When I am assigned a problem I start off by Googling. Then, even when I find a solution, I keep trying for a better one until I find 2-3 options. Then I start learning it and choose the best performing solution.

Even though I am learning a lot, this process gets me labeled as a low performer.

My questions:

  1. As a novice, should I continue to use this learning process and not worry about my performance?
  2. Should I focus more on my performance and less on how the code performs?



If you take your perfectionism too far, it could well sabotage your career. At the same time, if kept in moderation and you do really improve on a regular basis then it isn't a bad strength to have if you can see it that way.


You get a working solution now, look around for better options so that you get aware of them, but use a better one next time.


For example the project I am working on right now is driven by speed and not by correctness. That means we can afford a few bugs in the project but need to launch at the earliest. Therefore we don't spend a lot of time writing test cases.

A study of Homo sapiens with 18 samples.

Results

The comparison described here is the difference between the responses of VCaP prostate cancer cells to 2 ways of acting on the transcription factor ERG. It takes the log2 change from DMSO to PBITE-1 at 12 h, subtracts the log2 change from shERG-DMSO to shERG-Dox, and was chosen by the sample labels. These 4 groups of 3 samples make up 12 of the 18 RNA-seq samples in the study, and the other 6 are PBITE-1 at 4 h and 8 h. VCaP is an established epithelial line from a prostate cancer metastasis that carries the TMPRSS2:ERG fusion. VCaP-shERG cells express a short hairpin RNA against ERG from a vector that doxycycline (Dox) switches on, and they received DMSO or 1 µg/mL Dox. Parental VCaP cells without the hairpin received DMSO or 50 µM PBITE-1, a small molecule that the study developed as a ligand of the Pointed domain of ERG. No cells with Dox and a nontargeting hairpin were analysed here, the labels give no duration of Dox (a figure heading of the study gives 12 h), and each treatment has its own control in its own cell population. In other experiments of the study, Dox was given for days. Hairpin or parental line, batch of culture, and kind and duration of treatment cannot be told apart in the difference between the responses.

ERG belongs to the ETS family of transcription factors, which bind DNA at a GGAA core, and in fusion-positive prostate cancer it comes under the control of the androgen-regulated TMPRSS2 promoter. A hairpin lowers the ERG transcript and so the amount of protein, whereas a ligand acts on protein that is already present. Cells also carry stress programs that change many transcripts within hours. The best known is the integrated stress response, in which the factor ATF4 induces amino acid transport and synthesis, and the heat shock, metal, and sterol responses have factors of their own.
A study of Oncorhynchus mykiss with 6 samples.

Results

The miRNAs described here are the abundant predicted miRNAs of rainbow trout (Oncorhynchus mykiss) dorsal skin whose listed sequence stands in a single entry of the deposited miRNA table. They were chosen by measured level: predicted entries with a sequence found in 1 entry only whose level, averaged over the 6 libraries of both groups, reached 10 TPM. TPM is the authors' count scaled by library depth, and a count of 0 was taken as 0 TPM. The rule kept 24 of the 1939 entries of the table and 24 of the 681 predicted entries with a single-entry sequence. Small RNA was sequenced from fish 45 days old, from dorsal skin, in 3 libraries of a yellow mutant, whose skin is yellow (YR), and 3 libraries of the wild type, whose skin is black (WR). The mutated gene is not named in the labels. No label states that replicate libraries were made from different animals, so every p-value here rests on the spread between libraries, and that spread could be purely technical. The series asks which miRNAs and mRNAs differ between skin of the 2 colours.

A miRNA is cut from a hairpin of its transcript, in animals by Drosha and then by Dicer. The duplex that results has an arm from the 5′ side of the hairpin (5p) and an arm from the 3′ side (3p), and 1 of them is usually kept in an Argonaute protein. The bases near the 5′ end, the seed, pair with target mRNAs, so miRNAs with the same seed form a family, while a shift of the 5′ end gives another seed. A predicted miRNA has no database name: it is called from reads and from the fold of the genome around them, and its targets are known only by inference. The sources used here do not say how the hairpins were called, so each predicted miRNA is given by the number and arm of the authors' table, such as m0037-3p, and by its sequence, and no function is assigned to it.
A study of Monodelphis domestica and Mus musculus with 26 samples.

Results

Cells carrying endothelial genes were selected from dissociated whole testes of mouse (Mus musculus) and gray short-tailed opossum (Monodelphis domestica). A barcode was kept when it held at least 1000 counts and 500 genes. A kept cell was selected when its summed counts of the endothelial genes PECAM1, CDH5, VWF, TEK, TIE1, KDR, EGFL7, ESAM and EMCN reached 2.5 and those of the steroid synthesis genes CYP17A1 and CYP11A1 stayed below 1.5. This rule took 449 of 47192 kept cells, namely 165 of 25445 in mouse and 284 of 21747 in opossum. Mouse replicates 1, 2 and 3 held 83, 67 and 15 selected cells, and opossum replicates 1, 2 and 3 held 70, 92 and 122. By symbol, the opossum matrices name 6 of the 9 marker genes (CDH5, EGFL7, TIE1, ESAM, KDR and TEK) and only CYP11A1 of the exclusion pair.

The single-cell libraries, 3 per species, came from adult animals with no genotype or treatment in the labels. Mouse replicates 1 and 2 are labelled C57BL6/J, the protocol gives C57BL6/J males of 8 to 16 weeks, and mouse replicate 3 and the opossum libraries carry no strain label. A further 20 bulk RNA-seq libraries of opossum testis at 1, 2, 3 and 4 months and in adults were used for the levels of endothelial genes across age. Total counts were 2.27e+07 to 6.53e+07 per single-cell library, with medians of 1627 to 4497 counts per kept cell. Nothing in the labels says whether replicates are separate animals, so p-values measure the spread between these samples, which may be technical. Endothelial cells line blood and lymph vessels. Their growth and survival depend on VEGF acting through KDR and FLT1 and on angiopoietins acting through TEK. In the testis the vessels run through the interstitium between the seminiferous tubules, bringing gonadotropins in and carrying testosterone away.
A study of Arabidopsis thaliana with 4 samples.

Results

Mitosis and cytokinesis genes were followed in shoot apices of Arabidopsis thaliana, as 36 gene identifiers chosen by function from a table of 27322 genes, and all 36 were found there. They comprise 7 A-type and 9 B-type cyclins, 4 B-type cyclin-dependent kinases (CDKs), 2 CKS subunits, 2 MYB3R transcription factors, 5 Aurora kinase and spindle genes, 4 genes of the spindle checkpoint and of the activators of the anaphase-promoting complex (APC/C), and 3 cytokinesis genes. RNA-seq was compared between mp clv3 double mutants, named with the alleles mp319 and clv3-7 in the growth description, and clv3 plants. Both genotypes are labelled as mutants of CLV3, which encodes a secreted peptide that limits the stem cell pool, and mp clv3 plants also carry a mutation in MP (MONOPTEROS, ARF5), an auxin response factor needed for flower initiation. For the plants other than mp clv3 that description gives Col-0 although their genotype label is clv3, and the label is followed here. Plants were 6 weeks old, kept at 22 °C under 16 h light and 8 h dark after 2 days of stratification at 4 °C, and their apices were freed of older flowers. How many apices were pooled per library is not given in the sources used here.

So as a developer we need to master this art of compromising. Sometimes a less better solution done quickly can benefit the project more that 'the best solution'. Sometimes.

In your case I would recommend you meet the projects requirements and in your free time find better solutions to learn. Although you have a nice habit but lets not spend a lot of time learning at the cost of our employer.

Recommended Reading: Rapid Development: Taming Wild Software Schedules by Steve McConnell


OK, you should not reinvent the wheel unnecessarily, but if you never do any code from scratch, it will hamper your abilities tremendously.

Code correctness in my book is not an option, it is a requisite. Speed is a by-product of experience, it will come.



You are measuring your own performance in one way, and your employers are measuring it in another. Determine the difference, and determine whether or not you care. If you feel like being labeled a poor performer doesn't matter to you compared to your learning, then ignore them. If being labeled a poor performer matters to you, convince them that your learning is a more valuable measure of your performance, or improve via the performance measures they're suggesting.

However, consider this:

Maybe you aren't learning as much as you think you are. Can you produce better code now than you could a year ago? Or are you relying on Google to solve the same problems that you did back then?

The way to get better at anything is to practice doing it, and the process you've described is practice Googling code snippets, not practice programming. Certainly, searching for similarly solved solutions is an aspect of the work of programming, but the core of programming is problem solving by producing code.